Broad & Pattison

by Stephen Pagano

The Vet

 

As I gaze through the gates at Broad & Pattison, I try to wrap my mind around the fact that Veterans Stadium has been gone for 13 years. The place where many South Philadelphians, including myself, grew up watching both Phillies baseball and Eagles football. For most people, it was just a building that housed sporting events and concerts, but to me, it was much more than that. It was a second home, a getaway to enjoy live sports with friends, family and other fans during the 1990s and early 2000s. I vividly remember chasing players around for their autographs before and after games. The fireworks were ever so bright each July 4th. As kids, it was more to us than just a ballpark, it was everything to us, and we simply called it “The Vet.”

Vet Stadium opened on April 10th, 1971 as the old Connie Mack Stadium was crumbling to the ground in North Philly. Its unique multi-purpose design allowed for Phillies, Eagles and future Army vs Navy games. It quickly became a staple of the community with its state-of-the-art octorad style, and 65,000 seats. The ballpark hosted the 1976 All-Star Game, concurrently as Connie Mack Stadium was razed from the baseball world forever. As the 1970s concluded, the near decade old Veterans Stadium was missing just one thing and that was, a championship.

The year 1980 was a special one for Philadelphia sports. The Eagles made it to the Super Bowl, the Flyers advanced to the Stanley Cup Finals, the 76ers represented Philly in the NBA Finals and the Phillies won the National League Pennant. No city in history has had all four major sports teams win the title in the same season, but Philly had a chance. The Flyers, Birds, and Sixers all lost respectfully that season on the big stage, leaving just one team, the Phillies in the World Series at Veterans Stadium.

Perhaps the greatest moment in the stadiums history was on October 21st, 1980 as the Phillies had “Lefty” Steve Carlton on the mound against the Kansas City Royals in Game 6. Carlton pitched seven stellar innings in front of a packed house in South Philadelphia. He gave up just one run before handing the ball over to Tug McGraw. Tug pitched the 8th and 9th innings as the team zeroed in on the title. The Phillies closer struck out Willie Wilson as the fans went nuts! The Phillies won the World Series 4 games to 2, and finally brought Vet Stadium its first coveted championship. The stadium saw two more World Series played there in 1983 against the Baltimore Orioles and in 1993 against the Toronto Blue Jays, but both in losing efforts. As the years passed, the ballpark had seen better days, its dreadful AstroTurf caused an abundance of injuries and the building itself was in need of a long overdue facelift.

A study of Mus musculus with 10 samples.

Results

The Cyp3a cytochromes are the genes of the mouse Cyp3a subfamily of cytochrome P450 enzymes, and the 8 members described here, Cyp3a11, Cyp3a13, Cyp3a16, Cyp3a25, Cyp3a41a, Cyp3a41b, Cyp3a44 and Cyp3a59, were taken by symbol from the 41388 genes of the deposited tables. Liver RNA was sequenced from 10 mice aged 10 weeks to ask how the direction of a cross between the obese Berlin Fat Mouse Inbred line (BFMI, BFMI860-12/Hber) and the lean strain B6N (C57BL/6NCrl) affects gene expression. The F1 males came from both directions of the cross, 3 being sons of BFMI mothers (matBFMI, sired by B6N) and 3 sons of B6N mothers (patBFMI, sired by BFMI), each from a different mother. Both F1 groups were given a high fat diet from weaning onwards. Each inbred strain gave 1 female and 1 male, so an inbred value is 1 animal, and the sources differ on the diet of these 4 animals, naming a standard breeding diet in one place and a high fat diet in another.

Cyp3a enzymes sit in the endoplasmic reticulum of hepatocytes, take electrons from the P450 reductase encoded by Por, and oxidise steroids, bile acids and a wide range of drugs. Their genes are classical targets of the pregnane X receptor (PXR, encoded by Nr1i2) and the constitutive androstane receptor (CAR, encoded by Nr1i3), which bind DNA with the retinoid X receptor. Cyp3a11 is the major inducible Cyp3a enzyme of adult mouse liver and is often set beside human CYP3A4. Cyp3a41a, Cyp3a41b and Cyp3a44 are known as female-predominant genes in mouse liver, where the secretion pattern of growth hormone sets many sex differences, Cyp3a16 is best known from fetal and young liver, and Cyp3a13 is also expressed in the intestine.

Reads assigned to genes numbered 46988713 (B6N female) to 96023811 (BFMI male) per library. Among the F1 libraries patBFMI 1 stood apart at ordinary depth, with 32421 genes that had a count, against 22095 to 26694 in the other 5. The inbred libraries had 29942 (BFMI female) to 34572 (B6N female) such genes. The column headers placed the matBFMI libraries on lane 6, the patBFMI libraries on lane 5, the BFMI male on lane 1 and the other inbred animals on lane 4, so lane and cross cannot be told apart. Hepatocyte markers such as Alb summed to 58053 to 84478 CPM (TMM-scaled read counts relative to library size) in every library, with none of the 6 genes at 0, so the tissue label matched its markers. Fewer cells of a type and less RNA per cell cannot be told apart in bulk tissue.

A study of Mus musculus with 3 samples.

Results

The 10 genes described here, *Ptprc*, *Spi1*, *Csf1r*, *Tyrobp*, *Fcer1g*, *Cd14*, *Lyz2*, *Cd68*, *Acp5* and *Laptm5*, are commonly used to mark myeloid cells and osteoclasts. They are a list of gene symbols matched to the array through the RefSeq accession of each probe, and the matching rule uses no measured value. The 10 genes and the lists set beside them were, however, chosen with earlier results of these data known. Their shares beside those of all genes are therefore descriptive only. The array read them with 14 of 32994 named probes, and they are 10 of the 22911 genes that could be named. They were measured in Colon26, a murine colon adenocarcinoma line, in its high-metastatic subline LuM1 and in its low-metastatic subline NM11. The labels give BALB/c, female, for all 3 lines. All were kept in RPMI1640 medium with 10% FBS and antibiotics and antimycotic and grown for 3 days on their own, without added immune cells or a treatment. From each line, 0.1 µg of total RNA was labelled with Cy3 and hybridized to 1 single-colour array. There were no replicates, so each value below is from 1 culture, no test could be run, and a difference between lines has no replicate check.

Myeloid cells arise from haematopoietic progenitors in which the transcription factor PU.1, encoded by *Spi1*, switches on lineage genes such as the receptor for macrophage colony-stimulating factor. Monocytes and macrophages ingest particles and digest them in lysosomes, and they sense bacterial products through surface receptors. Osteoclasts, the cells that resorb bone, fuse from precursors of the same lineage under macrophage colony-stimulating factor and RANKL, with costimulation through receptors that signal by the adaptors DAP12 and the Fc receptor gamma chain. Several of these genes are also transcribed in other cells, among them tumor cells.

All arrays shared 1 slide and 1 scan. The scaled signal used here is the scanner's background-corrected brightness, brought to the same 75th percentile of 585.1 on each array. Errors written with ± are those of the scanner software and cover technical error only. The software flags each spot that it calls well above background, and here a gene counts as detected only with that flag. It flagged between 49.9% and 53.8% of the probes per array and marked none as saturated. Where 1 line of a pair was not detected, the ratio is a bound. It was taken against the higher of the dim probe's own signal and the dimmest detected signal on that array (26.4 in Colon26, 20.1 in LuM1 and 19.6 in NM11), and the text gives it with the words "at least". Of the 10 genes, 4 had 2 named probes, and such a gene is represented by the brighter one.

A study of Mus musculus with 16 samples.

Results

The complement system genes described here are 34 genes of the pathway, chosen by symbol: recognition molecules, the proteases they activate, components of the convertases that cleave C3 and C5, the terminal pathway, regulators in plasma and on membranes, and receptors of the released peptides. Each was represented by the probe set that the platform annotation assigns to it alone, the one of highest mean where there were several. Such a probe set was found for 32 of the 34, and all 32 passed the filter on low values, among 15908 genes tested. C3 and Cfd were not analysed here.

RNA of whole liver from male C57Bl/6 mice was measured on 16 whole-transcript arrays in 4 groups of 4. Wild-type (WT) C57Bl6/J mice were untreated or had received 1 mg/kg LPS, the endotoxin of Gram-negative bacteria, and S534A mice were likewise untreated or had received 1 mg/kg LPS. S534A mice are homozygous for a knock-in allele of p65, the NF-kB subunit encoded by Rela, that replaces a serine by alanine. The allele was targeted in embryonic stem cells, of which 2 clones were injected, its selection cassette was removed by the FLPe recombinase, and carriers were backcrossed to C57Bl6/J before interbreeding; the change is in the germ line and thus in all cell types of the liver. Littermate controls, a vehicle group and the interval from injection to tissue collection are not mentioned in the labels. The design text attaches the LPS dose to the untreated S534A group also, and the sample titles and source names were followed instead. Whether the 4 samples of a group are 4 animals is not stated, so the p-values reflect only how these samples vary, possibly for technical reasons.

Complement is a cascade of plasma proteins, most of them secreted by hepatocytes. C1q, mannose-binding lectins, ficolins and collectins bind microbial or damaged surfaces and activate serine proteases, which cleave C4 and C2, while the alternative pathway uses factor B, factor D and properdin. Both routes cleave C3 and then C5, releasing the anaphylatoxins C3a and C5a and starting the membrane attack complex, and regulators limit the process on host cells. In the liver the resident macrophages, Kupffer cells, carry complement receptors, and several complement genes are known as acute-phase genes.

In preparation for the All-Star Game in 1996, Veterans Stadium was upgraded with brand new blue seats and other newer amenities around the ballpark. The City of Philadelphia was excited to host the “Mid-Summer Classic.” My brother Mark and I attended the annual Home Run Derby on July 8th, 1996. We witnessed Barry Bonds conquer Mark McGwire in an epic showdown at The Vet on a hot Monday afternoon. The next night, Norristown native Mike Piazza won the MVP award of the 67th annual All-Star Game. As the 1990s rolled on, the Phillies were not a good team, but that didn’t stop us from going to the games.

Tickets were sometimes given away as this would put us in the infamous 700 level. Some of the raunchiest fans dwelled in this section of the ballpark as prices were as low as $3.00 a game. The 700 level was notorious for its rowdy and loud troublemakers. In fact, some fans were so unacceptable that a holding cell was built in Veterans Stadium to deal with those wrongdoers. Many opposing teams feared playing at The Vet because of the fans and the terrible field conditions. I’ve always believed that the nosebleed seats featured the most passionate fans in sports.

I’ll never forget the Phillie Phanatic, our beloved mascot, spraying people with super soakers during those hot and humid summer nights in the ballpark. His huge green costume gingerly walked across both dugouts in a playful manner as his wacky antics distracted fans from the miserable teams on the field. As the New Millennium approached, it was inevitable that the Phillies and Eagles both needed new state-of-the-art facilities. The years of multi-purpose stadiums were long gone, as it seemed Vet Stadium would meet its demise sooner than later.

The City of Philadelphia agreed to build two new ballparks in South Philly called Citizens Bank Park and Lincoln Financial Field, which would both feature real grass. It was announced that 2003 would be The Vet’s final season. I personally had mixed emotions about the news; however, I was also excited for a new era in Phillies baseball and Eagles football.

Home Plate

Veterans Stadium was imploded on March 21st, 2004. It took a mere 62 seconds for a structure that both the Phillies and Eagles called home for over three decades to come crashing down. Many fans watched from their cars and homes in the city as Vet Stadium became dust. Although, it was dubbed a “dump” by many people, it was still something very special in its own way. A numerous amount of my childhood was spent at that place and it also kept us safe and out of trouble. I’ve personally been to all 30 current MLB ballparks, but my favorite one does not exist anymore. Nowadays, as I stare at this empty parking lot, all I have left are the memories that rugged old Veterans Stadium gave me, which stood on the corner of Broad & Pattison, in South Philadelphia.